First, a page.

A big change in 2020 and multiple jobs: A day in the life of 'crap housewife' Jessica Rowe.

Jessica Rowe isn’t afraid to call herself a “crap housewife”.

In fact, being a crap housewife is a self-titled badge that the 49-year-old journalist and author openly wears with pride.

From juggling work with life at home with husband Peter Overton and their two children, Allegra and Giselle, life is certainly busy for the television presenter and speaker.

After leaving Studio 10 two years ago to spend more time with her kids, Rowe now works for herself as a freelancer.

Listen to Jessica Rowe’s full interview with Mia Freedman on No Filter below.

It’s a decision that has had a drastic change to her daily routine, meaning that ultimately no day is the same.

“It all really depends on what I’m working on,” she told Mamamia.

“Normally I set my alarm for about 6.15am – especially now that the girls are back at school. I used to just do a lunch order but this year, I’m trying to make their lunches instead,” she said.

“My day really depends on what work things I’ve got lined up. Twice a week, I do Pilates with a beautiful friend of mine. I might do some writing. I might go get some stuff for dinner. It really varies.”

Since becoming a freelancer, Rowe’s routine is incredibly different from what her routine was like on Studio 10.

“[While I was on Studio 10] I was up at the same time every morning, in the car, in the makeup chair at 6.30am, reading my subjects, prepping for my interviews, on-air for a couple hours and then finishing work at the same time every day,” she recalled.

“There was a constant consistency whereas I’m my own boss now. I’ve never really been good at being told what to do. The inner rebel in me makes me push against it,” she added.

“My routine is so different now. For this wonderful campaign I’ve just done for the Greatest Butcher on your Block, I was lucky enough to travel around Australia and meet some amazing people. For that month, I was travelling for three days a week. It’s busy and so different to my daily routine.

“I also do quite a lot of mental health advocacy work so there are other days where I might be speaking at a breakfast or a lunch. Last year I did The Real Dirty Dancing so I got to travel overseas. It really depends what projects I’m working on.”

From Zetland in Sydney to Mundaring in Western Australia, Jessica Rowe has been busy meeting 12 unique butchers from around Australia for Meat & Livestock Australia’s Greatest Butcher on Your Block campaign. Post continues below.


Like many women, Rowe often struggles with “getting the balance right” between work and family life.

“For so many people – and women in particular – who are working for themselves or working from home, it can be full on or there are other times where it’s more quiet,” Rowe said.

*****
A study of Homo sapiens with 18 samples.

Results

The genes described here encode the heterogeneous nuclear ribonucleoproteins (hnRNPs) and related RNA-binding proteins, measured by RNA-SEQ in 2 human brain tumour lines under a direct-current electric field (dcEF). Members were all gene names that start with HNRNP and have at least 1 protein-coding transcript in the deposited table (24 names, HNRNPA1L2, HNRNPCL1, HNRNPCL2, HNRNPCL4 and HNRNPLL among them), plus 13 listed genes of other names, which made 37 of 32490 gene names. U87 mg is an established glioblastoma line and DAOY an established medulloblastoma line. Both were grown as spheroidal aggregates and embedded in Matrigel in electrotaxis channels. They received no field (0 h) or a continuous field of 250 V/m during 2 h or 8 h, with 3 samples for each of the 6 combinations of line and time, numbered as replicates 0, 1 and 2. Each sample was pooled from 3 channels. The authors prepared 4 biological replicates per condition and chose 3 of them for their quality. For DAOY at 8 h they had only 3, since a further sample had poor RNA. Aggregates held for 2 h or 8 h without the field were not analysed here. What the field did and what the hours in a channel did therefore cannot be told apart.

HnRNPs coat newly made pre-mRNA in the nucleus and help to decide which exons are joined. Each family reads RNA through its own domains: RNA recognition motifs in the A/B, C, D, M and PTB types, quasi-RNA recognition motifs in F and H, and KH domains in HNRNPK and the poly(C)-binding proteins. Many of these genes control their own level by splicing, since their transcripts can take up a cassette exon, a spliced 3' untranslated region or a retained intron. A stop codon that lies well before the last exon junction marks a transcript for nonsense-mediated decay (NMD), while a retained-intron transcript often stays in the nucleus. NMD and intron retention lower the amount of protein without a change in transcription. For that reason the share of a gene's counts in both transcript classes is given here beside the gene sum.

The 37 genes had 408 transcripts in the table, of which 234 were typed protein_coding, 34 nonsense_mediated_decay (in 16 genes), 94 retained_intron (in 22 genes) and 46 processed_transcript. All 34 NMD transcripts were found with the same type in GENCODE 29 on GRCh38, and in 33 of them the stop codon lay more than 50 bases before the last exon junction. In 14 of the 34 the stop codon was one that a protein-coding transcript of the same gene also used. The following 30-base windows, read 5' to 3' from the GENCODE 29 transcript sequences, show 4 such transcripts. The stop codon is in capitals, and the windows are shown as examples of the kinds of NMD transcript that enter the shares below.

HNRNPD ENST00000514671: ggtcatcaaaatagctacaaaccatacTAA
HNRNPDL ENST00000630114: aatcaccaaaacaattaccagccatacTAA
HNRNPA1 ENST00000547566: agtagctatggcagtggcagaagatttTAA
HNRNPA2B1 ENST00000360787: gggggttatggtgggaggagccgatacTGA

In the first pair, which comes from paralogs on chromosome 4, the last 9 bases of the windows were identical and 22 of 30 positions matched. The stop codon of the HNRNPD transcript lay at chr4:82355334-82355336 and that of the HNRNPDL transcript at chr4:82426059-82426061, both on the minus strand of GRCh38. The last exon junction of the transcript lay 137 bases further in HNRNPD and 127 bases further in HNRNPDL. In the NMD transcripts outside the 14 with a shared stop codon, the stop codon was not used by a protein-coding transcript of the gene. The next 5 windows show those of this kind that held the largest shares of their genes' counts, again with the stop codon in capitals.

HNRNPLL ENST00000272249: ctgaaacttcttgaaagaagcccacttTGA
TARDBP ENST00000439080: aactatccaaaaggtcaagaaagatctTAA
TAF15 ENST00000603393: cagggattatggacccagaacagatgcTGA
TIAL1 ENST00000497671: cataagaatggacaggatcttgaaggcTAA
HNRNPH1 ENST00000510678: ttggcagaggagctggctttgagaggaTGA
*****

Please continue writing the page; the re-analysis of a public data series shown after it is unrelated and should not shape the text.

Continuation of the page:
“It’s completely a myth that we can balance everything. There are seasons for things. Sometimes work will be more full-on, sometimes family will be more full-on – it really depends on what’s happening for you and your family at that time.”

This year, Rowe’s eldest daughter, Allegra, started high school.

It’s a change that has had a big impact on the family’s daily routine – but it’s been an incredibly welcome change for mother-of-two Rowe.

“She’s at a brand new school, new friends, new everything so that’s exciting for her but it’s slightly terrifying as parents,” she said.

“I think being a parent is a series of letting go as you look after them and prepare to let them go into the world. But it’s exciting. I find that I actually enjoy my kids more the older they get.

“I’m loving the people that my children are growing into and I’m enjoying this phase so much. Mind you, if you ask me again in the midst of the teenage years, it might be different.”






At the moment, Rowe’s evening routine consists of homework, pulling together something for dinner and the “endless struggle” of getting the kids to bed.

“We do homework. I nag my eldest daughter to get off her phone and put her phone away. It’s busy, but again, it’s fun,” she said.


“I really try not to lose sight of being playful with the things we’re doing. I have this wonderful big cat head – I’m a crazy cat lady – that I keep in the car. Every now and then in the school pick-up lane, I’ll put it on, much to my youngest daughter’s horror. But I think it’s hilarious.”

Anyone who follows Jessica Rowe (a.k.a #CrapHousewife) on Instagram will be familiar with the meals Rowe serves up for dinner.

Speaking to Mamamia, Rowe shared that her go-to weeknight meals include chicken schnitzel, sausages and mash, spaghetti bolognese and tacos.

On Friday nights, the family tend to grab takeaway from the local fish and chips shop, before going out for a meal or getting another takeaway meal on the weekend.

On the other hand, Rowe’s husband, Peter Overton, chooses to order in his own meals for his weeknight dinners.

“He orders in his own meals,” Rowe admitted.

“He gets his meals delivered because he got really tired of spaghetti bolognese and mince cooked four different ways.”






It’s a movement that has caught the attention of thousands of Instagram followers.

After all, no one has a picture-perfect life or daily routine.

“It’s resonated with so many people to basically say, ‘You know what, we’re enough,'” Rowe said.

“We don’t need to have a perfect, beautiful, amazing life because no one does,” she added.

“Let’s be honest about what we do and lift each other up rather than dragging each other down because we’re not great cooks or we’re not good at this or that.”

Feature Image: Instagram/@jessjrowe

You can find out more about Meat & Livestock Australia’s Greatest Butcher on Your Block Campaign here.